Organ transplant procedures have come a long way since the very first successful kidney transplant, but there is still a huge shortage of organs globally. The NHS Blood and Transplant stats show that over the last 10 years in the UK over 6,000, including 270 children, died before receiving the transplant they needed.

Doctors and scientists are exploring new ways to solve this shortage of available organs and are also trying out new transplant procedures that could benefit thousands of people.

Here are some recent developments that could completely change the organ donation and transplantation system as we know it.

biology-220005_960_720Creating Organs From Stem Cells

In April 2016, a 2-year-old girl became the sixth patient in the world to receive a windpipe transplant made from her own stem cells.

The surgery was pioneered by Dr. Paolo Macchiarini, the director of the Advanced Center for Translational Regenerative Medicine. His procedure was approved by the FDA as an experimental operation for patients with very little hope of surviving.

Stem cells are capable of becoming all different types of body cells, it’s  believed they react to the environment in which they are transplanted  and start  reproducing the appropriate tissue.

Printing 3D Organs

Scientists have developed a way to 3D print models of various anatomical structures, including hearts, brains, arteries and bones. In the future, this process could be used to create 3D-printed soft implants in which living tissue can grow to form organs.

Although the concept is still experimental, researchers have shown that it may one day be possible to use 3D printing to create replacement tissues and organs.

We’re still many years away from doing this on a routine basis, but there’s hope that printing organs could one day supplement the shortage of live organs. – says  Dr. Anthony Atala, a practicing surgeon and director of the Wake Forest Institute for Regenerative Medicine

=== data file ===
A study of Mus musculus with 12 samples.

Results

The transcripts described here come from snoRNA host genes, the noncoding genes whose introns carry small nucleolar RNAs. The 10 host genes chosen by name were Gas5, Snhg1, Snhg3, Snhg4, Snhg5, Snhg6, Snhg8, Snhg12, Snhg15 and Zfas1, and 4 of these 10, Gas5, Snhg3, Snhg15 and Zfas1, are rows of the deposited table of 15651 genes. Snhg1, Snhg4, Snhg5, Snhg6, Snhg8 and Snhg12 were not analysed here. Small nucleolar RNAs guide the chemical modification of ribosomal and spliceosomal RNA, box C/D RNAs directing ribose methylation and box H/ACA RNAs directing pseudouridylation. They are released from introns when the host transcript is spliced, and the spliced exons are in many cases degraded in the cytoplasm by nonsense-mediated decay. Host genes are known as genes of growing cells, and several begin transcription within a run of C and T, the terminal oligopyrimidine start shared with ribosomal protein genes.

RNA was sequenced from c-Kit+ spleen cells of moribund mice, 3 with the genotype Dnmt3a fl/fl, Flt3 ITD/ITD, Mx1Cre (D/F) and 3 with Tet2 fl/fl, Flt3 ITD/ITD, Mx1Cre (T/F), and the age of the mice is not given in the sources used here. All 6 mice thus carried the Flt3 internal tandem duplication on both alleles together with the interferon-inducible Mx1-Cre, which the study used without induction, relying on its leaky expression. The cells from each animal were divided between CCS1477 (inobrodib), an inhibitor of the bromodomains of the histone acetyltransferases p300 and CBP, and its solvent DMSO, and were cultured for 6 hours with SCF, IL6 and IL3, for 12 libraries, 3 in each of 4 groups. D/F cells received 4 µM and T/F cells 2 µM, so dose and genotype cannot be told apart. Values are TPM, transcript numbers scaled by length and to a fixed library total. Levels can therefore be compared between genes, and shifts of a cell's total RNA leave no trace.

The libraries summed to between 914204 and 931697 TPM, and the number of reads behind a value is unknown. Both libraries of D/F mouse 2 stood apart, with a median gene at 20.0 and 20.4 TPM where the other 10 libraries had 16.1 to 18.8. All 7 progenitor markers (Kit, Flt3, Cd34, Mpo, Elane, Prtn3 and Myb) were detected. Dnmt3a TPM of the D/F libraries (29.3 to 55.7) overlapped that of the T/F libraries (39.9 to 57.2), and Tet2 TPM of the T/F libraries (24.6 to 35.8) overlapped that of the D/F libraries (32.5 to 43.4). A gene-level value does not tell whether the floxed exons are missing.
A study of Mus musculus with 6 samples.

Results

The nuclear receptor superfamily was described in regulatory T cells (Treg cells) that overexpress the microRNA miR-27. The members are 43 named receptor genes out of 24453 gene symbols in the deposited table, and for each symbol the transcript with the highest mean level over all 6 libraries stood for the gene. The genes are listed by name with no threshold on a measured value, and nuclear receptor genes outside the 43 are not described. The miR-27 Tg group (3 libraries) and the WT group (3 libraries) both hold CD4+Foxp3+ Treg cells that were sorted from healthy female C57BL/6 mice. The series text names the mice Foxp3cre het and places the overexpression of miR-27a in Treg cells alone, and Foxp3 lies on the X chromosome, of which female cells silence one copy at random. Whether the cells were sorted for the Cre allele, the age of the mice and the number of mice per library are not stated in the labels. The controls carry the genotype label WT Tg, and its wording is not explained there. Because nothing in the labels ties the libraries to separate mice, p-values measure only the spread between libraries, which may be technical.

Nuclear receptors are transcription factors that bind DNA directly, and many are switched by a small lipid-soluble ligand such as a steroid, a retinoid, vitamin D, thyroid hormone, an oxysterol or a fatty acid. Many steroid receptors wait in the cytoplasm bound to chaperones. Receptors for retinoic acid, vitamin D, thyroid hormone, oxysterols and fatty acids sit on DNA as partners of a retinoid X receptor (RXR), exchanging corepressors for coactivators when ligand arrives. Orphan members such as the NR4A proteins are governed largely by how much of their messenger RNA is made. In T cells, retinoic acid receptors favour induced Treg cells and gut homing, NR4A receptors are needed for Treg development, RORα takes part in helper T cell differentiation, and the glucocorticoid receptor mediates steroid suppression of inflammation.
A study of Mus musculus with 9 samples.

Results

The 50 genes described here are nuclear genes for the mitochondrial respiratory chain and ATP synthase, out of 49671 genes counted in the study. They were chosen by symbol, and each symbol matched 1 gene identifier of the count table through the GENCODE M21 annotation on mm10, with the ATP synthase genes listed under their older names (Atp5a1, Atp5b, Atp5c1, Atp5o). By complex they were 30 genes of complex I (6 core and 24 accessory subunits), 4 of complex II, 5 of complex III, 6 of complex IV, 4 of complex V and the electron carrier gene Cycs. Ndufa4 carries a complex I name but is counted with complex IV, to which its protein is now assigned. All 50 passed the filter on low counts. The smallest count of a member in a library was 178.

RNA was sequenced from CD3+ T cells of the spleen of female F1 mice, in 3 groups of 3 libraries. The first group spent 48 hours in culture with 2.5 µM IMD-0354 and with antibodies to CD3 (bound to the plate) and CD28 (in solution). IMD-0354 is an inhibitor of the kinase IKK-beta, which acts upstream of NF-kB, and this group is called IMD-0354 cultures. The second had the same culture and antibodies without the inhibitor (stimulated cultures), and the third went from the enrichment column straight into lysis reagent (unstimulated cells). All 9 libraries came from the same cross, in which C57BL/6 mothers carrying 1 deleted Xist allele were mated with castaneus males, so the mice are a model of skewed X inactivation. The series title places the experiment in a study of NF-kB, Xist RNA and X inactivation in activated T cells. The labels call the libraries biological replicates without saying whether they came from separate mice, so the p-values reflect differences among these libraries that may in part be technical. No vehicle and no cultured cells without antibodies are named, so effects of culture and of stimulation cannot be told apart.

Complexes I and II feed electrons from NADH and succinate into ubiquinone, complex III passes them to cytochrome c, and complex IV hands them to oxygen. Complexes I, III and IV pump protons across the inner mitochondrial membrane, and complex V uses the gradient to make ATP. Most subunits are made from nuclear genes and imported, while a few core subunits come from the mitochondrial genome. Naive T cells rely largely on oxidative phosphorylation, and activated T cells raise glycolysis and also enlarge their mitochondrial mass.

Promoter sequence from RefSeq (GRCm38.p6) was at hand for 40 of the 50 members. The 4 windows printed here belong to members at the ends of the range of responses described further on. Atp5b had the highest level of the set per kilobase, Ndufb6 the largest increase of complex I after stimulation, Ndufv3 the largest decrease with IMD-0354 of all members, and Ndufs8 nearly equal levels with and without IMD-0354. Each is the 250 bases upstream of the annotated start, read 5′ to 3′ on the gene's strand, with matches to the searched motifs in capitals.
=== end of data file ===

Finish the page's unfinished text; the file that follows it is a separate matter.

Printing more structural outer-tissue body parts may happen sooner. In 2013, researchers at Cornell University showed they were able to print a 3D replacement ear.

A Machine That Keeps Organs Alive Outside The Body

Transplant teams have less than eight hours to transport the organ to the operating room, prepare it for surgery and implant it into the recipient’s body.

“Beyond that time, there is significant injury to the (organ), which makes it unusable,” said Dr. Abbas Ardehali, director of UCLA’s heart and lung transplant program.

TransMedics developed a device called the Organ Care System (OCS). The machine is designed to replicate our human functions as closely as possible, by keeping the organs alive outside the body.

These relatively new machines allow organs to remain outside the human body for extended periods without causing damage that the usual cold storage method often does.

While these new technologies are not yet general practice and most are still in the developmental phase, the research and results show a promising future for creating and sustaining organs. Ultimately technology could eliminate the shortage of organs and even possibly the need for organ donors.